By Melissa Jenkins
Special to TC Media— Bay Roberts
Jordan is about to begin his first semester at Memorial University.
His parents bought him a new tablet with a built-in camera as a gift for getting into his chosen program — engineering — which requires him to have the most up-to-date computer system. It will replace his previous computer, a five-year-old desktop.
The older computer was slow and no longer suitable for everyday use.
Jordan couldn’t find anyone willing to take it off his hands so he decided to throw it in the trash, along with all the power cords and his old webcam.
This fictitious account is an example of how some 2,600 tonnes of electronic waste ends up in the landfills of Newfoundland and Labrador every year.
The Multi-Materials Stewardship Board (MMSB) has partnered with Electronic Products Recycling Association (EPRA) to launch a provincewide, eco-friendly initiative Thursday that will see a wide range of electronic products being accepted by recycling depots, including radios, desktop and laptop computers, camcorders and televisions.
Newfoundland and Labrador is the ninth province to implement such a program, leaving New Brunswick as the final province without end-of-life electronic recycling, also known as e-waste. Two provinces, Ontario and Alberta, have their own independent recycling programs while EPRA manages the other seven.
In November 2012 the provincial government made amendments to the waste management regulations to include an “industry-led electronics recycling plan.” This amendment will see stricter guidelines for electronics and will hopefully prevent improper disposal of such devices.
The EPRA is responsible for ensuring manufacturers, retailers, provincial and municipal governments and consumers know the proper guidelines for disposal and recycling of electronics in the most efficient and responsible manner, said Cliff Hacking, chief executive officer for the organization. It will also be required to divert these items from landfills.
Just like with vehicle tires, the province does not have facilities to recycle e-waste so everything collected must be shipped to Quebec for proper dismantling and recycling.
The costs associated with the process will be covered by the EPRA, but its funds come from environmental handling fees applied when an electronic device is purchased.
When Newfoundlanders or Labradorians purchase a new television or computer, they will be pay a fee, which can range from 45 cents for items such as cellphones or personal cameras to $42.50 for large televisions or display monitors.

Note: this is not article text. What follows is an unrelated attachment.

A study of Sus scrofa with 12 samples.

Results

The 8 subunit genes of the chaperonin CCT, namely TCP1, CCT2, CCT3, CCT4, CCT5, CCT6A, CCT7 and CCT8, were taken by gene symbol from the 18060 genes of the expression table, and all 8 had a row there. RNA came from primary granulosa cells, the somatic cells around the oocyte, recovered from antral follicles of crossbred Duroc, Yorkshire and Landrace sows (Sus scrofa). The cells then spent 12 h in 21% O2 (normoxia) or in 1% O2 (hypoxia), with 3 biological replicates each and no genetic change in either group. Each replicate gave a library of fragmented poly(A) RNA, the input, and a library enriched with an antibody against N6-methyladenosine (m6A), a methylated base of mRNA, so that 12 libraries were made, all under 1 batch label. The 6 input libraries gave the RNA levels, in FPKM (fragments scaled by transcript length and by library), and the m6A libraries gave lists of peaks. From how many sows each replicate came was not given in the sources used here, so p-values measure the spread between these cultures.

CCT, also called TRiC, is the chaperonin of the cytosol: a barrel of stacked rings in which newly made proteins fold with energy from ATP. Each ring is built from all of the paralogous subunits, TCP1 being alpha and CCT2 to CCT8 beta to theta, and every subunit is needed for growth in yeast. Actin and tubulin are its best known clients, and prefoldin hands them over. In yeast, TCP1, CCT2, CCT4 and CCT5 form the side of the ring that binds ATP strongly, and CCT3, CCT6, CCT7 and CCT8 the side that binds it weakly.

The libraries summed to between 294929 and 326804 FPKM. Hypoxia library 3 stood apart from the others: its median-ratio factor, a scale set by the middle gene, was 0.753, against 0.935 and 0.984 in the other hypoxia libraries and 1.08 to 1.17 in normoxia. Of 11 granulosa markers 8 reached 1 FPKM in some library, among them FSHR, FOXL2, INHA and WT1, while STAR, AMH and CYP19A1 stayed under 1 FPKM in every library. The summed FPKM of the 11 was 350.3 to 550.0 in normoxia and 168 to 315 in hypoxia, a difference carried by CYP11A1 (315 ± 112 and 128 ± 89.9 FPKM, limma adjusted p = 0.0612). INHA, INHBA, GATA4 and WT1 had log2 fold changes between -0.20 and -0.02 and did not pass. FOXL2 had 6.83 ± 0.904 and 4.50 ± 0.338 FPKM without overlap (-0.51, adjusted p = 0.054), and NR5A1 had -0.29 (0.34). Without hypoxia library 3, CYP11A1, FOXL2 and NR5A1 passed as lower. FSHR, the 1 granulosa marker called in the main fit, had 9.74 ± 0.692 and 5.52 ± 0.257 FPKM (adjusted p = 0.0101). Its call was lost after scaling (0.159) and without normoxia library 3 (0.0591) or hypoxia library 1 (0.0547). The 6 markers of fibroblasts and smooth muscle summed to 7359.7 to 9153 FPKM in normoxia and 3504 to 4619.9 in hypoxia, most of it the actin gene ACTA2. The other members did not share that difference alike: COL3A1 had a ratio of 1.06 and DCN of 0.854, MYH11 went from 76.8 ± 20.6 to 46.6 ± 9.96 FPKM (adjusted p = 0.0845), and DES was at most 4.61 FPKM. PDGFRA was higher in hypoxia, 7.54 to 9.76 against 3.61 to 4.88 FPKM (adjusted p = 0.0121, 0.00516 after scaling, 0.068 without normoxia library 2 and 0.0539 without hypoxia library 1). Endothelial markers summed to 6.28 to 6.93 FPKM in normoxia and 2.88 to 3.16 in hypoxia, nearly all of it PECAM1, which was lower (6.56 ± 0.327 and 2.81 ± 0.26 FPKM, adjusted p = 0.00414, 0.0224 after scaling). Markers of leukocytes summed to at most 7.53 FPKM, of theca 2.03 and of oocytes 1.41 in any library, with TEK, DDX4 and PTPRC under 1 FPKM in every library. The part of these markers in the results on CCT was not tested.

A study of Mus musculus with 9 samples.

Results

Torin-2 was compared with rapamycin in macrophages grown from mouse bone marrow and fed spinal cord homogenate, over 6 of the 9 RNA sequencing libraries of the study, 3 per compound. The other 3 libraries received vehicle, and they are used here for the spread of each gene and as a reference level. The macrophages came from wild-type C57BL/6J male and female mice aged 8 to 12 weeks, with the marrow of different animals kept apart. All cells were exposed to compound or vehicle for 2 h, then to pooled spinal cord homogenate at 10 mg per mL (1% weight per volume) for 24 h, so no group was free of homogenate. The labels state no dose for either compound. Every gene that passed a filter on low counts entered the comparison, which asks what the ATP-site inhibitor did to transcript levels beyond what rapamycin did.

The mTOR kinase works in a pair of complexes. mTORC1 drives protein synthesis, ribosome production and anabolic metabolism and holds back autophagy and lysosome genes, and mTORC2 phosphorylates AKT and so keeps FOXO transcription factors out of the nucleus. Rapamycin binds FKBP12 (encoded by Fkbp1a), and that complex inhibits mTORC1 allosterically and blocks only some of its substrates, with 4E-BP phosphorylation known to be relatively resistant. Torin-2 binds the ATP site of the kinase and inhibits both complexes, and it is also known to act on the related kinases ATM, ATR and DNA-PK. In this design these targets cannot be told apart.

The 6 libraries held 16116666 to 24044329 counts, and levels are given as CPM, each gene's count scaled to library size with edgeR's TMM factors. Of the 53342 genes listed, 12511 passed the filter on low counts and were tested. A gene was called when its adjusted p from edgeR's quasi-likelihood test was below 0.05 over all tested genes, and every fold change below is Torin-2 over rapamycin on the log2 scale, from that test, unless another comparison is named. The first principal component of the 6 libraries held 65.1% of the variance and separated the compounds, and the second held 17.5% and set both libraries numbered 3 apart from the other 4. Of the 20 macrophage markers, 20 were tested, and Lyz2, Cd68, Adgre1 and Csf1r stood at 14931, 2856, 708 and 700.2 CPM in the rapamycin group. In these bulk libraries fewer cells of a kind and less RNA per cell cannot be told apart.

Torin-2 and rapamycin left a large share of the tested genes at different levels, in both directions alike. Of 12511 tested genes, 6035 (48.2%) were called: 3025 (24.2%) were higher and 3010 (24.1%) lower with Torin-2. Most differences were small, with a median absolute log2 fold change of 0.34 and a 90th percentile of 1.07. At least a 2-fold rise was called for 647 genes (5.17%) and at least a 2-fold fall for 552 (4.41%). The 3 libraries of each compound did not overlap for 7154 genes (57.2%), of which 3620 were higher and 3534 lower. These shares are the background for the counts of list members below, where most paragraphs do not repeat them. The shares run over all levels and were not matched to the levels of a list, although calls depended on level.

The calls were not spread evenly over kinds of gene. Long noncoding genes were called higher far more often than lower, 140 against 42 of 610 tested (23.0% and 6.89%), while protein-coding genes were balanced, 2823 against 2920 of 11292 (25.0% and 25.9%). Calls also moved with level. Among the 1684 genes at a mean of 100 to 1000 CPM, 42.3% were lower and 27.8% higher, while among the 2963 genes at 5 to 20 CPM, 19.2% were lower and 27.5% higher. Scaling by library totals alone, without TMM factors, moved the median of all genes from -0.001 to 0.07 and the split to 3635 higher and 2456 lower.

EPRA officials said the fees are calculated based on the actual cost to recycle each product.
“We are not-for-profit so we do not make money off these fees,” Green noted. “We need to charge them to cover the cost of program implementation and the collection and transportation of goods to the recycling facility. In this case it will be Quebec.”
A need for the program
This program is the second extended producer responsibility program. The first was a paint recycling program, which launched May 2012. Officials with the MMSB hope to implement more in the coming years.
The minister responsible for the MMSB, Tom Hedderson, said the paint program was the first big initiative to help the province reduce its waste production by 50 per cent, a goal expected to be reached by 2020, but it was only the beginning. He hopes the new program will continue this trend.
Hacking said a survey was done to gauge the interest in the program and 90 per cent of provincial respondents agreed it should be implemented.
“We are hoping to have up to 19 depots opened by the end of this year,” said Terry Green, EPRA program director for the province.
After Aug. 1 residents of Newfoundland and Labrador will not have to do what Jordan was going to do — throw away their old electronics. Rather they can help divert waste from the overflowing landfills in the province by taking them to the approved location nearest them.
There will be 14 recycling depots across the province being used as drop-off centres for 13 different municipalities. They include Bay Roberts, Carbonear, Mount Pearl, Gander, Grand Falls-Windsor, Corner Brook, Stephenville, Port aux Basques, St. Anthony, Port aux Choix, Happy Valley-Goose Bay, Wabush and two locations in St. John’s.